November 28th, 2007

Saw The Mist last night. The flick–about townsfolk trapped in a supermarket by a mysterious fog inhabited by Lovecraftian* monsters–had been on my radar for some time. Writer/director Frank Darabont wrote the very effective 1988 remake of The Blob, one of my favorite gross-outs.

(*Lovecraftian = things with tentacles, apparently.)

The Mist is ambitious if flawed, and I give it major props for being a modern horror flick that isn’t about zombies, serial killers or torture. It also has the bleakest ending I’ve seen in a long, long time…and yes, that’s a good thing.

Far too many films cop out at the end, thanks to jittery studios unwilling to risk upsetting their audiences with anything other than a happily ever after, or producers who fall in love with their characters and pull back from giving them due comeuppance. It’s nothing new. The musical remake of Little Shop of Horrors–which is, after all, a Faustian tale about a nebbish who chops up people and feeds them to a hungry plant–lost its moral center when test audiences balked and the producers hastily reshot things so that Seymour and his paramour survived. The original Invasion of the Body Snatchers, which initially ended with the main character running down a highway screaming “You’re next!” tacked on a coda which saw the authorities rushing out to confront the alien pod menace.

That’s why I welcome a movie that isn’t afraid to be unpopular, that remembers that horror isn’t just about severed body parts. In The Mist, the greatest horror is enacted upon its survivor, in a scene which is every bit as wrenching (if not nearly as iconic) as the classic Statue of Liberty bit from Planet of the Apes.

Several of the negative reviews I’ve read of the film decry it for just that reason, while others declare it to be anti-military or even anti-Bush. Never mind that it’s (closely) based on a story written in 1980, and that it makes no mention of current affairs other than an oblique reference to soldiers being shipped out “over there.” Bush defenders don’t like it because it’s a polemic against fearmongering, even though neither the practice itself nor stories in which isolated, fearful humans turn on each other are solely products of the post-9/11 era.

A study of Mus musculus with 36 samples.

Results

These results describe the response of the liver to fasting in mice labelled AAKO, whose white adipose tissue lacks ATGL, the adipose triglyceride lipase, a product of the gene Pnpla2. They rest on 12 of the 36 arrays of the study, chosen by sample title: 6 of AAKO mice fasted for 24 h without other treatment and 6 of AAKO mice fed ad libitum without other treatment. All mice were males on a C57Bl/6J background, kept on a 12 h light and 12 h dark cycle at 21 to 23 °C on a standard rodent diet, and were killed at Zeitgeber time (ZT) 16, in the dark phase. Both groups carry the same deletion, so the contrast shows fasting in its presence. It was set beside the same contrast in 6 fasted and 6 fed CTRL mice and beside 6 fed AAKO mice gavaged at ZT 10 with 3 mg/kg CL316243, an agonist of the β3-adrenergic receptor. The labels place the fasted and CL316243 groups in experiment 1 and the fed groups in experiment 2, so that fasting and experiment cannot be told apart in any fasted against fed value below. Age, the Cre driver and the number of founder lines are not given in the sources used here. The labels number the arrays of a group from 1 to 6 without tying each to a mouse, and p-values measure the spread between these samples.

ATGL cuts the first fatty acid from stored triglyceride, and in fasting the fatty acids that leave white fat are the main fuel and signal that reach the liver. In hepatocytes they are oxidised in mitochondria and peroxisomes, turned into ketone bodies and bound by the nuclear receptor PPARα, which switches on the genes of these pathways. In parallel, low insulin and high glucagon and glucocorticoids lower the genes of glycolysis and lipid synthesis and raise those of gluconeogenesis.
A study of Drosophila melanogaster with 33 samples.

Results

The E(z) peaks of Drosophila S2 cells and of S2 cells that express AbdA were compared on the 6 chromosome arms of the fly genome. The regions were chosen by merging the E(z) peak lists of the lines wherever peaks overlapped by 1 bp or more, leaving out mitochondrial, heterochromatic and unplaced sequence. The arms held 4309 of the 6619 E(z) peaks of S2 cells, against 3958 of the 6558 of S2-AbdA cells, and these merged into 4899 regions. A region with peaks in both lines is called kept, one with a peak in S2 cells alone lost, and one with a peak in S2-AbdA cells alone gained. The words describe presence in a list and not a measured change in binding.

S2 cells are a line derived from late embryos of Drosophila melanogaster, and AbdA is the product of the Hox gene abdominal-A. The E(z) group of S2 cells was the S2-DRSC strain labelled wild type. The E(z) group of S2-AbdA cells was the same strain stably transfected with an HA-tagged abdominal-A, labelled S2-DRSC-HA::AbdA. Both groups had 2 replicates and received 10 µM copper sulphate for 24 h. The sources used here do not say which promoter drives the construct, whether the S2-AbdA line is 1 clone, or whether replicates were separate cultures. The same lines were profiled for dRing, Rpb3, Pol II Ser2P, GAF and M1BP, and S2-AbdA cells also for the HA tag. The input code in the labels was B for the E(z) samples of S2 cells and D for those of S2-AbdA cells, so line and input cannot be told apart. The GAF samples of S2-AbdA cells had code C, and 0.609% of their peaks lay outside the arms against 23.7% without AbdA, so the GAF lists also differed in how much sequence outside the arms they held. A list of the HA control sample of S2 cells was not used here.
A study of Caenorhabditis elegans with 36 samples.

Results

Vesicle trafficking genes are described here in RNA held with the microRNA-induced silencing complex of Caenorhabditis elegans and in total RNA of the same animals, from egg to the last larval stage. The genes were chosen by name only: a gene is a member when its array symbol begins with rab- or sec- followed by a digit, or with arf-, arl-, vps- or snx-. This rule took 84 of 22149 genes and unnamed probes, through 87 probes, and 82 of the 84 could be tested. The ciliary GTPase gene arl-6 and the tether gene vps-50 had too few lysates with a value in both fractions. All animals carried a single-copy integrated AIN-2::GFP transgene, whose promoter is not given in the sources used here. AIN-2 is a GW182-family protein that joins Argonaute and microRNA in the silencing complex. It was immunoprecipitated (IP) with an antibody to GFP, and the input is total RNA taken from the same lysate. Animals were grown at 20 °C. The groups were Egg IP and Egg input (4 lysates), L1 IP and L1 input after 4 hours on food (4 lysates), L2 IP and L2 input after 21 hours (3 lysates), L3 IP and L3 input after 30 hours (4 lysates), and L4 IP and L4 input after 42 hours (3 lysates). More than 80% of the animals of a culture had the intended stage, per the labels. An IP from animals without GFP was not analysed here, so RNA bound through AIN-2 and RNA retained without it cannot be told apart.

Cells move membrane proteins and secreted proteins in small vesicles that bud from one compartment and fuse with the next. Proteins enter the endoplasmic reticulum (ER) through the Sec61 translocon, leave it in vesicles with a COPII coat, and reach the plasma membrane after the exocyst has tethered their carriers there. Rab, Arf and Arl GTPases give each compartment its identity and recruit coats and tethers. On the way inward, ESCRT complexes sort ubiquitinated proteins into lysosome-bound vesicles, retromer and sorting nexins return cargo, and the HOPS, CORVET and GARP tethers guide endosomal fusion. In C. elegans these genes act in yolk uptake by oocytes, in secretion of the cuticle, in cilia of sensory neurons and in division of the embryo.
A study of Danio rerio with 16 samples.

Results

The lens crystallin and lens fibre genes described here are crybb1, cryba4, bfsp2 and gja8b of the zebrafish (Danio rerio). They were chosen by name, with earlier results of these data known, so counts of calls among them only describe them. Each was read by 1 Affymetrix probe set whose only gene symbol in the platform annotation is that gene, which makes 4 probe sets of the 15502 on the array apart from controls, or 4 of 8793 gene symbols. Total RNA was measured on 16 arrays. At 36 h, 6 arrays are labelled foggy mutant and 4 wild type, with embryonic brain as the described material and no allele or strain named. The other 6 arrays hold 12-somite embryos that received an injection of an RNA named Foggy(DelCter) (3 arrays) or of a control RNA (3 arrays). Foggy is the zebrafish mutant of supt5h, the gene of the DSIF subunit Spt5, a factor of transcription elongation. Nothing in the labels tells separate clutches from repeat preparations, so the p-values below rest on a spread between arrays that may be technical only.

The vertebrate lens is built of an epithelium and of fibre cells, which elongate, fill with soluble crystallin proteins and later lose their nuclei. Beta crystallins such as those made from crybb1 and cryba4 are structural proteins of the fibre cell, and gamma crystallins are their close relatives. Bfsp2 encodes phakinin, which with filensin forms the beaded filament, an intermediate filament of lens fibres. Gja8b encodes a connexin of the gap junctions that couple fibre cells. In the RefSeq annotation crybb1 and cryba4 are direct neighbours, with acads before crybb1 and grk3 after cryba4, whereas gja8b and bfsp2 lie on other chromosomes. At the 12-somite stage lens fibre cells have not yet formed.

For me, what The Mist is about most of all is hopelessness and how people react to it. A pair of soldiers–the only ones who fully appreciate what the secret experiments at the local military base have unleashed–kill themselves. A holy roller declares herself the vessel of an Old Testament God and rallies others into a murderous mob. And in the one big change from the original novella, the film trades Stephen King’s unresolved ending–the protagonists driving away into the unknown–for one which is both more conclusive and less comforting.

There are a couple of faults. It’s about twenty minutes too long; not bloated, but longer than it needs to be to make its point. I was also a little disappointed in some of the creature designs. Some of the supposedly extra-dimensional monsters look too familiar: oversized bugs and spiders, as well as four-winged gargoyles. The most satisfying monsters are the shrouded behemoths, half seen through the mist, which appear to share little with terrestrial biology.

The Mist did very poorly in its initial week of release, demonstrating the limited appeal of horror films not involving zombies, serial killers or torture. But hopefully it’ll be talked about long after the likes of Saw IV.